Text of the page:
There are many reasons why we may recommend extracting a tooth. We may suggest tooth extraction because your tooth is poorly positioned in your mouth, badly decayed, abscessed, you have developed serious gum disease, or are in preparation for orthodontic treatment. We will only recommend an extraction if all other less invasive treatments have been ruled out.Request an Appointment
Will having my tooth extracted be painful?
With current techniques, tooth extraction should not be painful.
Our highly skilled team will begin by placing a local anesthetic to the area surrounding your tooth.
If anything becomes uncomfortable for you during the procedure, our caring team will be listening and ready to help make you comfortable.
For patients who experience fear or anxiety, we offer dental sedation options. Speak with your dentist to determine if sedation is right for you.
When will I be able to eat regular foods?
After your procedure, you should eat only soft foods for a couple of days. As you heal, you can add solid foods back into your diet.
What steps will I need to follow after my tooth is removed?
During your appointment, our team will explain to you how to care for your mouth after the extraction.
By following some simple steps, you can prevent any problems following extraction.
Preventive care is the best care. From visiting the dentist regularly and practicing good oral hygiene habits at home, to wearing protective mouth guards while playing sports, it's always better to avoid problems than to treat them.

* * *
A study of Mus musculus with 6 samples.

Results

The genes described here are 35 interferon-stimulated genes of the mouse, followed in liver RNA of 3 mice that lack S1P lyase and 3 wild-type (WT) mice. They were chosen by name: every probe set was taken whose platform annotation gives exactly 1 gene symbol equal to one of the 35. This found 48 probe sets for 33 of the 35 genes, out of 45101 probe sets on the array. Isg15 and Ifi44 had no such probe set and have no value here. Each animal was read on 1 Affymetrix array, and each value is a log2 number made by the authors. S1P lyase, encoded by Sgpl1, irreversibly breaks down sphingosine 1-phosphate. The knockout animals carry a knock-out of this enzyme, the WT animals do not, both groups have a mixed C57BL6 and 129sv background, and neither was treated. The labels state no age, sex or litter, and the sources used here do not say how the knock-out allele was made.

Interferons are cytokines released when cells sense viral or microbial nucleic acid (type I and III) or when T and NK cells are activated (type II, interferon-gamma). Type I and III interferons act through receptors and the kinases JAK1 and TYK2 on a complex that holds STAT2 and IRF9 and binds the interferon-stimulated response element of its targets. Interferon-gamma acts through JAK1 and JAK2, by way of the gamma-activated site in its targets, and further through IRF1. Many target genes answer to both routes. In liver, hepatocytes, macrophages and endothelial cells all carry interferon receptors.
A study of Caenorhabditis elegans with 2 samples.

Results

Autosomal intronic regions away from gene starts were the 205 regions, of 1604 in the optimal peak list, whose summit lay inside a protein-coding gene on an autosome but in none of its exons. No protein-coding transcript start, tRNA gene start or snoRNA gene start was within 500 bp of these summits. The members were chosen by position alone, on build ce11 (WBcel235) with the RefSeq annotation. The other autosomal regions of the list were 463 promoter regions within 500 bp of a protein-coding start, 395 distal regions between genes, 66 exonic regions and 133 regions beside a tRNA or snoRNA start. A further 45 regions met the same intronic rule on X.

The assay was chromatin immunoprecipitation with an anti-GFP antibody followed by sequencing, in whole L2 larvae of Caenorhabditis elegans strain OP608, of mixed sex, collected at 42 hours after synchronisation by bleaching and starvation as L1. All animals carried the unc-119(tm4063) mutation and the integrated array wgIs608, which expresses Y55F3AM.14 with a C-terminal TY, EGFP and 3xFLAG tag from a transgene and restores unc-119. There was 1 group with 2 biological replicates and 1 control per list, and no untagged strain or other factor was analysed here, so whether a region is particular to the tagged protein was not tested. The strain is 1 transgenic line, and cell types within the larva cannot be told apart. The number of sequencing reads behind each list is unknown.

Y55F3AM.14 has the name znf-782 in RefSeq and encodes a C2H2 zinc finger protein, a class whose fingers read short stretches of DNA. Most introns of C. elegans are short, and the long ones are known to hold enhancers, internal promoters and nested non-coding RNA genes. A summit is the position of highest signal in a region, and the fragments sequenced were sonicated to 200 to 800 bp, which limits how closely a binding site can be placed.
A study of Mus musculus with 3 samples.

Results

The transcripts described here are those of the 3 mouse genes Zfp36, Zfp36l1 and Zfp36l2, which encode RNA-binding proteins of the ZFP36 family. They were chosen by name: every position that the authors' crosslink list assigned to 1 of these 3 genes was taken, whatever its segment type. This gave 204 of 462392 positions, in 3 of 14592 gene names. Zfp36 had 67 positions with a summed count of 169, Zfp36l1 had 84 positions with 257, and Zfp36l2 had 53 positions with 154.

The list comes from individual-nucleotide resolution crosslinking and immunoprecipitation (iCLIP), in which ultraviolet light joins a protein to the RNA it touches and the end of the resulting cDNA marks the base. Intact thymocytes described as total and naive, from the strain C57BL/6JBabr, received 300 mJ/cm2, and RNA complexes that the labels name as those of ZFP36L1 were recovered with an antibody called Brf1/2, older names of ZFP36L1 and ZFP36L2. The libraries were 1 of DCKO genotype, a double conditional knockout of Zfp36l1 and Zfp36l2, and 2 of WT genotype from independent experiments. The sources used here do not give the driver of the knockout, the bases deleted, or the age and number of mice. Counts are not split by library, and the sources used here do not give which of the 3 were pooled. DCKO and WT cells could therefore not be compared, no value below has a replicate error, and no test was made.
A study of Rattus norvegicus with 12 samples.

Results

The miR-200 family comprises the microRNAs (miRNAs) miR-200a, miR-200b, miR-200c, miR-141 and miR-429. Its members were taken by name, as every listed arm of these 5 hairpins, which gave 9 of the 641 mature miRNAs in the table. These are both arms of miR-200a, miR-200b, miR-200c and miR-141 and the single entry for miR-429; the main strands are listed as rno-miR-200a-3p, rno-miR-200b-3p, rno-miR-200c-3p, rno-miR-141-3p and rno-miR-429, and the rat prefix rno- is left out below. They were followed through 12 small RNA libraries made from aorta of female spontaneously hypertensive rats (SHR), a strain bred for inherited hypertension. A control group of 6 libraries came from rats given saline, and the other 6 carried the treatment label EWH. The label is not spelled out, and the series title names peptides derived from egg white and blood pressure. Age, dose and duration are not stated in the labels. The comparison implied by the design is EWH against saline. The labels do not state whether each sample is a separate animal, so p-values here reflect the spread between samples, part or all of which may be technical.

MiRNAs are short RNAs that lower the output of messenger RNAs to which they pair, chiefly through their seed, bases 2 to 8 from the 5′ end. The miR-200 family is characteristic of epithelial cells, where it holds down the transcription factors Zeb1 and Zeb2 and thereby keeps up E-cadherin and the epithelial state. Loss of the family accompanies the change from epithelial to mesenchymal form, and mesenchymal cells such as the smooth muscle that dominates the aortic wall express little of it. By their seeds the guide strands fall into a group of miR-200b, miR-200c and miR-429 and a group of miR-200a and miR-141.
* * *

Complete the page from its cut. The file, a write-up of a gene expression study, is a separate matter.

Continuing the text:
Immediately After Your Appointment
Rest as much as possible. Avoid strenuous activity. Sit with your head elevated and prop your head on an extra pillow for the first night to avoid bleeding (you may want to use a towel or old pillowcase in case you bleed).
Leave the first gauze pad in place for about 3 to 4 hours after the surgical extraction.
For the First 24 Hours
Do brush and floss your teeth. Keeping your mouth clean after a dental extraction is critical to a good recovery. Avoid the extraction site.
Do not rinse, spit, or use a straw. The socket (the newly empty space left by your tooth) needs to heal and clot. If this process is disrupted, it could impact healing and result in infection. Also avoid letting your tongue, food or debris enter the area.
Avoid alcohol and cigarettes, which could encourage bleeding and block healing. Smoking will also increase your blood pressure.
After the first day, use a salt-water mouthwash twice a day for at least a week - or as long as your dentist tells you - to help clean and heal the area.
Avoid taking aspirin. Because aspirin can thin your blood, it can cause further bleeding. Avoid any medications with aspirin. If you have asthma, you should also skip pain relievers with Ibuprofen in them.
Still in pain?
The socket your tooth was extracted from may be infected. This can happen when socket walls are exposed and little to no clotting occurs. This is known as dry socket and requires an appointment with your dentist. They may prescribe antibiotics.
What can I eat after my tooth is removed?
Eat soft, mushy foods and liquids, including yogurt, soup (let cool before eating), smoothies, Jell-O, apple sauce and more. Until your anesthetic wears off, forgo very hot food or drinks, which could burn your mouth as you cannot feel pain at the moment.